After a two-week vacation, President Obama must deal with Congress over Iran and government spending, travel to Alaska and New Orleans, as well as welcoming visits from China’s leader and the pope.
WASHINGTON — Like April for accountants or December for flying reindeer, September in recent years has become an especially challenging month for presidents and congressional leaders.
But even by modern standards, President Obama faces a daunting list of tasks after returning to Washington on Sunday from a relatively quiet two-week vacation on Martha’s Vineyard — with legislative deadlines and visits from world leaders already penciled into his September schedule.
On the domestic front, Congress will have to pass funding legislation by the end of September to avoid shutting down the government for the second time in two years. With only 15 legislative days on the Senate calendar for the month, a brewing fight over whether to end federal funding for Planned Parenthood and a raft of senators running for president, it could be difficult to pass even a short-term funding measure despite vows by senior Republican legislators that they will not support a shutdown.
And there are other pieces of must- and should-pass legislation, including extending authority for highway and infrastructure spending, reauthorizing the Export-Import Bank and dealing with various expiring tax provisions. Cybersecurity legislation and a movement to scale back tough federal criminal-sentencing laws will also require time and attention.
“We have a lot to do, but we have plans to do it,” Stewart said. “The president, on the other hand, will have a very difficult September because he’s trying to do things despite bipartisan opposition against him, such as on the Iran deal.”
Indeed, one of the most anticipated legislative battles of the year will be whether Congress can override an expected presidential veto and reject the Iran nuclear deal negotiated by the United States and five other countries.
The deadline for the first vote is Sept. 14, and if both the House and Senate reject the deal with anything close to veto-proof majorities, the Iran drama could consume much of September and even the first week of October.
While Obama has aggressively defended the Iran deal, and has gone on the offensive to woo lawmakers, he will face myriad distractions during the month.
He will have to put on a tuxedo and a wary smile for a rare state dinner and summit meeting with President Xi Jinping of China. In addition to climate change, the two men are likely to discuss the alleged hacking of U.S. government personnel records by Chinese operatives, China’s growing military assertiveness in the South China Sea, a worrisome increase in Chinese government repression, allegations that covert Chinese agents are harassing expatriates in the United States and renewed allegations of currency manipulation by China.
Pope Francis will arrive in Washington on Sept. 22 and visit the White House the next day, according to his schedule. The pope will deliver a speech before Congress on Sept. 24, and there is likely to be intense interest from the White House on how he chooses to address that body, which is filled with climate-change skeptics.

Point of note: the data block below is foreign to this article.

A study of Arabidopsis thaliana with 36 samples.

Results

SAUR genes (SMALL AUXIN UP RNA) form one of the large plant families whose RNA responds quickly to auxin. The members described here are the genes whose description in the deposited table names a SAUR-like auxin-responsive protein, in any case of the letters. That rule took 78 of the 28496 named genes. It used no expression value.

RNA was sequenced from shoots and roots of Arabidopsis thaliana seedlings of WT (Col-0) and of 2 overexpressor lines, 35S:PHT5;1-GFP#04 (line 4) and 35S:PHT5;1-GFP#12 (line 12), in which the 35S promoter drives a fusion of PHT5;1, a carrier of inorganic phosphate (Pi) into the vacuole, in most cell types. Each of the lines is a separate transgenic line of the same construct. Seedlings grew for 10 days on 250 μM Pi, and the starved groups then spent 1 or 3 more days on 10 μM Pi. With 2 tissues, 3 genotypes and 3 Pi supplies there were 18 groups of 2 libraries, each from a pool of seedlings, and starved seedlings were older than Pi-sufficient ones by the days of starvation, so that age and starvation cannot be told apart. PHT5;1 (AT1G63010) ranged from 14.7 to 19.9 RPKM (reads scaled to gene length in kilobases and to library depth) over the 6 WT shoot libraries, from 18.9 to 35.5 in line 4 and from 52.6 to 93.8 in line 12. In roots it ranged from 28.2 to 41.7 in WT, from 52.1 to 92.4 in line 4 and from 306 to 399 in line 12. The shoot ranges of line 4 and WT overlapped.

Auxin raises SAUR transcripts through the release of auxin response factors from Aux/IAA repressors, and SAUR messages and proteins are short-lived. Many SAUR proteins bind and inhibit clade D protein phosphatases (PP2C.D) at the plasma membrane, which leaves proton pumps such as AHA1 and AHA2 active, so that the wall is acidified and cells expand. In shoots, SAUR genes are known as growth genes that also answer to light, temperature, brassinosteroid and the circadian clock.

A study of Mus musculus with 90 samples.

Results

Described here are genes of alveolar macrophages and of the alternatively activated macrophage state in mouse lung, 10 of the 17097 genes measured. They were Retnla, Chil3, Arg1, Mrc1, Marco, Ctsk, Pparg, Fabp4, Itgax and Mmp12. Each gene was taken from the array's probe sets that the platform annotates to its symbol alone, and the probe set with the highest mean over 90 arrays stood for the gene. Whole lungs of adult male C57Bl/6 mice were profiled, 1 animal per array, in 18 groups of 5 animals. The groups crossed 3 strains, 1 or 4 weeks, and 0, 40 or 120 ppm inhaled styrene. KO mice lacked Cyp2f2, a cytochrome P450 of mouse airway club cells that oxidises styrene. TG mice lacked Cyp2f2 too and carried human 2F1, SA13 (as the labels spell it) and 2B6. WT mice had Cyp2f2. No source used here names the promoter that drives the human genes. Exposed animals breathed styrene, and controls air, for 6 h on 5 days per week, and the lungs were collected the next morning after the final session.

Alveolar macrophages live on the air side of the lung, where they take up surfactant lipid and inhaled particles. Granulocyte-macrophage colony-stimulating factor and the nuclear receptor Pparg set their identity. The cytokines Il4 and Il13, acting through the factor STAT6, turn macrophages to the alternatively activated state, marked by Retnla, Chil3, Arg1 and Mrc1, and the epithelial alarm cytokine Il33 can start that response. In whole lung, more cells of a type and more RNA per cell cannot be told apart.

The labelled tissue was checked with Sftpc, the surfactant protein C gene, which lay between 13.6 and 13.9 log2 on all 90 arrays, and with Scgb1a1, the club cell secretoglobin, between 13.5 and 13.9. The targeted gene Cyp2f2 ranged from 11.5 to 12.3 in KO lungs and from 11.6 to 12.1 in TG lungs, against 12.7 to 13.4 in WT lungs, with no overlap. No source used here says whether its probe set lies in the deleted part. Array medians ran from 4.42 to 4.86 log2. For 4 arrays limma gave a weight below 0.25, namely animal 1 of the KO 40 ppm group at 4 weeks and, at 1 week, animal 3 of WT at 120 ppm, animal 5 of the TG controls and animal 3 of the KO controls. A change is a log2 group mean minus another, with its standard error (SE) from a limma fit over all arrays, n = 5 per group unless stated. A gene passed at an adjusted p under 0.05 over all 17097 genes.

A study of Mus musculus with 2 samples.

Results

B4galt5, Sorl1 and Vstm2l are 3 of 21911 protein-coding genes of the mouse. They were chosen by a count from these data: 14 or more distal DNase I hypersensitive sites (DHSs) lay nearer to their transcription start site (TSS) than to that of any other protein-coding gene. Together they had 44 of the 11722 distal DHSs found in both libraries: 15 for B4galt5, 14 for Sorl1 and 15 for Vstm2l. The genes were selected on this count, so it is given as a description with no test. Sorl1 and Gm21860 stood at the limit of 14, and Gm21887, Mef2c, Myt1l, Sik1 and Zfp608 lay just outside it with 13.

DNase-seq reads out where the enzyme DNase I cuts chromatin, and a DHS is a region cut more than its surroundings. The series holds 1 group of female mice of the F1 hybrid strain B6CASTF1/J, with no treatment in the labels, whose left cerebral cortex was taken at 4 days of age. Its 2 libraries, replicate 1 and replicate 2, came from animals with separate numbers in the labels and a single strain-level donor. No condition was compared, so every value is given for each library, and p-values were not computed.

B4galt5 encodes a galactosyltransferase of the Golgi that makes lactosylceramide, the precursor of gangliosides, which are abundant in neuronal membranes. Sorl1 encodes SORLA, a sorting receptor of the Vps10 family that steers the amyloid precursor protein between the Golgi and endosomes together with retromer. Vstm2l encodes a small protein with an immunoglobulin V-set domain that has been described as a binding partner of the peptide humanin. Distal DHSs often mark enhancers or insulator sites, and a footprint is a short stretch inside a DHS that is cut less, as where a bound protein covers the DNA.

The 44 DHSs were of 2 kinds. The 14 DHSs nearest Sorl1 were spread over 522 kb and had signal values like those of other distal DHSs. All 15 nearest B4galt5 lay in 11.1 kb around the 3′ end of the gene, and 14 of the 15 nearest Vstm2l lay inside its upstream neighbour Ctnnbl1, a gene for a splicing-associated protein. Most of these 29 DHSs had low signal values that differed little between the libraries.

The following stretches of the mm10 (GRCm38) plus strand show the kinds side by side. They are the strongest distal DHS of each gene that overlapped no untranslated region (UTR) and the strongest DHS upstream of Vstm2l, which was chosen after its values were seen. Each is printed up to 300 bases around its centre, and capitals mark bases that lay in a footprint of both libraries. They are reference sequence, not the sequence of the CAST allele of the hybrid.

Obama has made the battle against climate change a signature issue in his second term, one that he intends to highlight when he gives speeches in Las Vegas on Monday and in New Orleans on Thursday, and during a visit to Alaska in the first few days of September. The pope is likely to touch upon the moral dimension of climate change and economic inequality.
Given the agreement between Obama and the pope on such signature issues, the pope’s visit with the president may pass uneventfully for the White House. Far more delicate decisions will be needed on how to handle the conclave of world leaders who are expected to arrive in New York at the end of September to attend the United Nations General Assembly.
Will Obama meet again with President Raúl Castro of Cuba after the opening of diplomatic relations between the two countries? Will he meet President Hassan Rouhani of Iran or President Vladimir Putin of Russia, whose foreign minister said last week that Putin would “consider constructively” any request from Obama for a meeting? Presidential aides said those decisions had yet to be made.
Michael O’Hanlon, a foreign-policy analyst at the Brookings Institution, said that even without the budget and other issues in Congress, the visit by Xi, the Iran vote and the decisions and meetings surrounding the U.N. meeting made for a challenging month.
“The bottom line is that it will be a heck of a September, rivaled in recent years perhaps only by last September, when we had Ebola and ISIL’s rise to contend with, along with the war in Ukraine and a few other matters,” he said, using an acronym for the Islamic State group.
Then there are the political issues. The president has said he will provide a report on the Guantánamo Bay prison by September to Sen. John McCain, R-Ariz., who is chairman of the Senate Armed Services Committee. Presidential aides have said closing the prison remains a top priority for Obama, but he has faced resistance from Congress and even from some of his own appointees.
Also, Vice President Joe Biden has said he will announce in September whether he will run for president, and on Sept. 16 the second Republican presidential-primary debate will take place at the Reagan Presidential Library in Simi Valley, Calif.
Then in October, there is likely to be a tough legislative fight over raising the debt ceiling, with potentially huge economic consequences if Congress fails to do so.